We all know our mobile devices can affect our attention spans, but what about our sobriety? Well, a new law in Washington State plans to treat cell phones as an intoxicating substance, banning the use of any electronic device while driving, even if you're stopped at a traffic light.

Referred to as a DUI-E, offenders can be nailed with a $136 fine for a first offense, and $234 for any subsequent offenses within five years. Here's a look at the latest effort to crack down on distracted driving.

Drunk With Distraction

Washington Governor Jay Inslee was explicit in comparing cell phones to alcohol, saying the bill is called "electronic driving while impaired" for a reason. "When you are driving with a cell phone," Inslee said, "you are a more dangerous driver than if you are driving drunk with a .08 blood alcohol level." And there are plenty of studies to back him up.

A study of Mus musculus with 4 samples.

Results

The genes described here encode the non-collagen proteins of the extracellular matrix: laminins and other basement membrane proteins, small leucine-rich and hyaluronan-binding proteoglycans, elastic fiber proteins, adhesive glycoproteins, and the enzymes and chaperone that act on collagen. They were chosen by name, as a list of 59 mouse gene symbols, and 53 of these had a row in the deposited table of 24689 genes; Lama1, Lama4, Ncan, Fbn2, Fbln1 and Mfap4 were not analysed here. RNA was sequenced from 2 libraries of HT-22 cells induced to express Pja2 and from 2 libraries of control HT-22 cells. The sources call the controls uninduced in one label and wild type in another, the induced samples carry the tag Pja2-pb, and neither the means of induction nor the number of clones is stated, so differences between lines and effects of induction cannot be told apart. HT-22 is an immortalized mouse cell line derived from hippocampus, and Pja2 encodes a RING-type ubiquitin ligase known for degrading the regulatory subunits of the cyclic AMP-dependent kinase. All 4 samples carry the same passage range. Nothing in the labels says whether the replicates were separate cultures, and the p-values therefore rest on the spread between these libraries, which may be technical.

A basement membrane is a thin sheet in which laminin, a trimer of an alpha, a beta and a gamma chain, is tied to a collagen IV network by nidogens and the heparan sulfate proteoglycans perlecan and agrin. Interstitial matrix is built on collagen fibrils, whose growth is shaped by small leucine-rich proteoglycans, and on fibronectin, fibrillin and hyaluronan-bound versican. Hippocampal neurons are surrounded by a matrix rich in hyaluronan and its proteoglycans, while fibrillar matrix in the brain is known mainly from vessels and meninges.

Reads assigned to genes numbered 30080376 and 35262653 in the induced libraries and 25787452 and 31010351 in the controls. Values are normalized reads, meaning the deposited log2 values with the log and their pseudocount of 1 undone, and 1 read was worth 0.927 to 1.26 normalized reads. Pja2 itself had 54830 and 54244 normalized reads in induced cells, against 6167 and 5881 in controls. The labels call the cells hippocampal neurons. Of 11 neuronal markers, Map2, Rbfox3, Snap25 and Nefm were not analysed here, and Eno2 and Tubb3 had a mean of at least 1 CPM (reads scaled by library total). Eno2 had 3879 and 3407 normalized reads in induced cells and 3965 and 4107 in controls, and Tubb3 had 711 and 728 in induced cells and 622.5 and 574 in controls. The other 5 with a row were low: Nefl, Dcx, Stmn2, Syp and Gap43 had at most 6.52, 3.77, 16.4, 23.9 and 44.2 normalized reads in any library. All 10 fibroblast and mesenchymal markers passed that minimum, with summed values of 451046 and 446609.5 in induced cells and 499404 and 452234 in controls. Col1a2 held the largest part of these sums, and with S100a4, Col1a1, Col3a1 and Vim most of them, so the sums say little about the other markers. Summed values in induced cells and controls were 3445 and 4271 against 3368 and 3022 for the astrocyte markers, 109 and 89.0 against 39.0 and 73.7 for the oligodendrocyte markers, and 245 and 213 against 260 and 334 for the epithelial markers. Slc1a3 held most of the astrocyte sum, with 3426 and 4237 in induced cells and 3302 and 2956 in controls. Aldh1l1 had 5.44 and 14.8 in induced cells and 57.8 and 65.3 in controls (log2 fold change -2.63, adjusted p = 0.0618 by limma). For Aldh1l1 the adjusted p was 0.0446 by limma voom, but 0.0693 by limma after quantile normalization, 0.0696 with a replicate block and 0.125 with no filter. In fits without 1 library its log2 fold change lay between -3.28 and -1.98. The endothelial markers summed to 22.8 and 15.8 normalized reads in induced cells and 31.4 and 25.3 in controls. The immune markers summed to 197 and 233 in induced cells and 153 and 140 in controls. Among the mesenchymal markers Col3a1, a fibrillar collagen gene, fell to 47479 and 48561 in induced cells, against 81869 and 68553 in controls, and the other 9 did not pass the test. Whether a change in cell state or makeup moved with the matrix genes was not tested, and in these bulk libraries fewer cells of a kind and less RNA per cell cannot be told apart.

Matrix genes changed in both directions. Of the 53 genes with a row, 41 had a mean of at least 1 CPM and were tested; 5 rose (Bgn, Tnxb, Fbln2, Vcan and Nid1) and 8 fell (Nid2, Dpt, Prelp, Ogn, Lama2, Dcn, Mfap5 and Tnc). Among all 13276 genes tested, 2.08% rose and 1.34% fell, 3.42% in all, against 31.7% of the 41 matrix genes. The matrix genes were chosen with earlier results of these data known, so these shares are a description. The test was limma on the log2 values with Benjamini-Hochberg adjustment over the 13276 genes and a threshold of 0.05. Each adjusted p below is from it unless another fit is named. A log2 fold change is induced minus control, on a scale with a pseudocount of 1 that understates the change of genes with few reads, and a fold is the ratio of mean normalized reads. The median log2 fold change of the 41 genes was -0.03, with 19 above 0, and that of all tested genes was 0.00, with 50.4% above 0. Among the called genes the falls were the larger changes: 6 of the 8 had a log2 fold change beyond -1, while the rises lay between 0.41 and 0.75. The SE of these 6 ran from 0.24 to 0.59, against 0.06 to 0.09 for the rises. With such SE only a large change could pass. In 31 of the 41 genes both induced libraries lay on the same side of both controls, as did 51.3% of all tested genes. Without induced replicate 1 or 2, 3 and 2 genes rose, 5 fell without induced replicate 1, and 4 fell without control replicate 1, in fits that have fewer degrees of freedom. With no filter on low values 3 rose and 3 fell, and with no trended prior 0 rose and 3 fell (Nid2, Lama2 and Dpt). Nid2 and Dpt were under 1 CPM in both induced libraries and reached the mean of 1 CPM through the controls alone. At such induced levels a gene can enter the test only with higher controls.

Fox News reports a 32 percent increase in deaths attributed to distracted driving from 2014 to 2015. And Inslee is hoping that the new DUI-E statute has the same impact as the "click it, or ticket" seatbelt campaign that has estimated 95 percent compliance rate in the Evergreen State.

Hold My Calls

The Seattle Times has the details of the statute, which bans using any handheld devices from behind the wheel, including for messaging, social media posting, photography, or other data use. This includes while stopped at a red light and watching video on a dashboard-mounted device. And officers are permitted to pull over anyone they see using a handheld device, typing, or watching video.

There will be a six-month grace period during which officers will hand out education cards instead of tickets. And there are exceptions in the law for phone calls to 911 or other emergency services so long as the driver pulls out of the traffic lanes and stops somewhere the vehicle "can safely remain stationary."

Washington residents might want to check with a criminal attorney to see exactly what's allowed on the state's roadways.